I was recently on vacation with my family, and as I looked at my work calendar, it was nice to see a few days blocked off – no obligations, no breakfast meetings, and no dinner seminars. The few days after, however, were booked with nonstop travel, hotel reservations, and meetings. I started to think about how busy we all are with not only business but personal commitments, and compared to those calm, slow vacation days, the hours seem to fly by the busier we are.

I started to think about what I would fill my time with if my vacation had been any more than a week. What if my calendar showed two weeks free? It’s still a great feeling, and I could fill that time up with things to do. Three or four weeks of free time is a little tougher; I can only travel so much, my spouse might have to work, and my finances might start to get a bit tighter. One or two months free. Four or six months free. One or five years free. 10, 20, 30 years free? It starts to get a little nerve-racking – what would I do with all that free time?

When your clients start to really consider what their retirement looks like, they may get a little anxious thinking about what they actually want to do in their retirement years. A great repurposed exercise you can do with your clients is ask them, “What’s your why?” We do this for other aspects of our life – we ask ourselves what drives us to do what we do, whether it’s taking care of our families, helping our communities, or developing as a leader. Why not do the same for retirement? Why do they want to save money for retirement? Is it to travel? To help out their children and grandchildren? To buy a new or second home?

By asking your clients why they save, you can help them paint their retirement picture and better understand their options for filling their time. Some suggestions you could offer include proactively planning the vacations and trips they intend to take throughout their retirement to give your clients something to look forward to. They could also look into auditing classes in subject matters they never had the time to explore before. Propose they start volunteering now, to make the transition easier when they do retire. Lastly, have your clients start thinking about a new career. The gig economy or part-time work are great options for retirees.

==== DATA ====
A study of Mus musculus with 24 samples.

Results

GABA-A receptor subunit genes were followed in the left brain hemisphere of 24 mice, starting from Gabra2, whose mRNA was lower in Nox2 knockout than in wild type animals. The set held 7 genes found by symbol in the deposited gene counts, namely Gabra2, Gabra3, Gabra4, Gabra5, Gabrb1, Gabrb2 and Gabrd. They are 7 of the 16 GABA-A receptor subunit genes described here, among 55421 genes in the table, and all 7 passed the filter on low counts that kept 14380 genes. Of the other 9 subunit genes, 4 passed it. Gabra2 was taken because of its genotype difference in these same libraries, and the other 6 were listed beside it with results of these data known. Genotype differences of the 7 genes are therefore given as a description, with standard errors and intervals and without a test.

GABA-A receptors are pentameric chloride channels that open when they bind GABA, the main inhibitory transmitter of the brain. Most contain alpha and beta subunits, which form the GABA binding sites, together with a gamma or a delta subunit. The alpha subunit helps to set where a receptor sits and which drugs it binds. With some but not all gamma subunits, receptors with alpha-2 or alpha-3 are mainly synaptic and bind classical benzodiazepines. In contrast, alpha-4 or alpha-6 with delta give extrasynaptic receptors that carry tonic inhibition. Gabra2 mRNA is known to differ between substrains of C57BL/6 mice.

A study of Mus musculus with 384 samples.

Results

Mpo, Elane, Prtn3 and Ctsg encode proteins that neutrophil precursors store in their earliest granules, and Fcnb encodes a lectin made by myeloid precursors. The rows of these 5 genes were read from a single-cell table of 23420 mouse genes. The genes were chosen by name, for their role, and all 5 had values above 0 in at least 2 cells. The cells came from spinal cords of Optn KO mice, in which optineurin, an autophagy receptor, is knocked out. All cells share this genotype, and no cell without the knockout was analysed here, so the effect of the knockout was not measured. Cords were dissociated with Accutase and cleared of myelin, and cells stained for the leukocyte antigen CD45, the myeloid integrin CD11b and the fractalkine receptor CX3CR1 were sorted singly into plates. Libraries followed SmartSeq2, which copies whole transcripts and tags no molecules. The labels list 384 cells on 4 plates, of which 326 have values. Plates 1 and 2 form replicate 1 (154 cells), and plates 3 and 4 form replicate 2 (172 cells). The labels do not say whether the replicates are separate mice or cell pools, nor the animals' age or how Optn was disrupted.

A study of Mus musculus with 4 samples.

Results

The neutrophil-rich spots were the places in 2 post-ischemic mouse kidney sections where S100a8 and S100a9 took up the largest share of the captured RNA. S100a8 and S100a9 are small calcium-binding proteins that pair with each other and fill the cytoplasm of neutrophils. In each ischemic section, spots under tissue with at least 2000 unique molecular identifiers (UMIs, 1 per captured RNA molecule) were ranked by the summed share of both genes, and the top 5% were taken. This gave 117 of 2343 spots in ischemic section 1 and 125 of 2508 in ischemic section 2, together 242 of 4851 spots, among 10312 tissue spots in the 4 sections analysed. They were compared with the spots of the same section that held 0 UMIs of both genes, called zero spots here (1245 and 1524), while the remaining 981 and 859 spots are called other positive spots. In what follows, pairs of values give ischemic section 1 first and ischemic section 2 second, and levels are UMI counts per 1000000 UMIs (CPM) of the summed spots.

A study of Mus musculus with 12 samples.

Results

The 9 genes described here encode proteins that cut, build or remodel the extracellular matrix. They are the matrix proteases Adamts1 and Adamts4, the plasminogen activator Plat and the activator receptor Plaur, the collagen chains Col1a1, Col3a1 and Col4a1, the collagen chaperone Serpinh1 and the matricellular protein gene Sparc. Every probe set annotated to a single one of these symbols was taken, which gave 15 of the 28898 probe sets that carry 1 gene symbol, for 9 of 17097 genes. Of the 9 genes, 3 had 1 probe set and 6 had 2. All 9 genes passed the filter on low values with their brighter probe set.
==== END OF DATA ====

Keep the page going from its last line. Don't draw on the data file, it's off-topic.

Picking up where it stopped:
It might be the best feeling in the world to roll over and hit the snooze button on the first day of retirement. But by the second, third, or 1000th time, retirement starts to become a Groundhog Day. Everyone needs a sense a purpose, including those in retirement, so ask your clients, “what’s your why?” to aid them in looking forward to what can be an enjoyable and fulfilling time in their life.

 

 

Michael Lynch is a registered representative of Hartford Funds Distributors, LLC.


 


About the Author
Michael Lynch
Vice President, Strategic Markets

Michael Lynch is a Managing Director of Applied Insights for Hartford Funds. In his current role, Mike is responsible for engaging and educating both financial advisors and their clients about current and emerging opportunities in the financial-services marketplace. These opportunities range from tactical strategies in areas such as retirement-income planning, investment planning, and charitable planning, to anticipating and preparing for long-term demographic and lifestyle changes.

Mike joined the organization in 1993 as an annuity client service specialist. In 1997, he joined the Advanced Product Marketing department, where he developed an extensive knowledge of estate and retirement planning. In 2004, Mike became a regional sales director. In 2006, he became Vice President and national director of The Hartford’s Retirement and Wealth Consulting Group, which provided thought leadership and financial education focused on retirement and small-business planning. In 2012, he joined The Hartford Mutual Funds.

Mike earned his bachelor’s degree in business administration from Eastern Connecticut State University. Mike is a registered representative of Hartford Funds Distributors. He is FINRA Series 6, 63, and 26 registered and holds a life, health and variable insurance license. He currently lives in Charlotte, North Carolina, with his wife, Kim, and their children, Josh, and Em.

Check the background of this firm/individual on FINRA's BrokerCheck.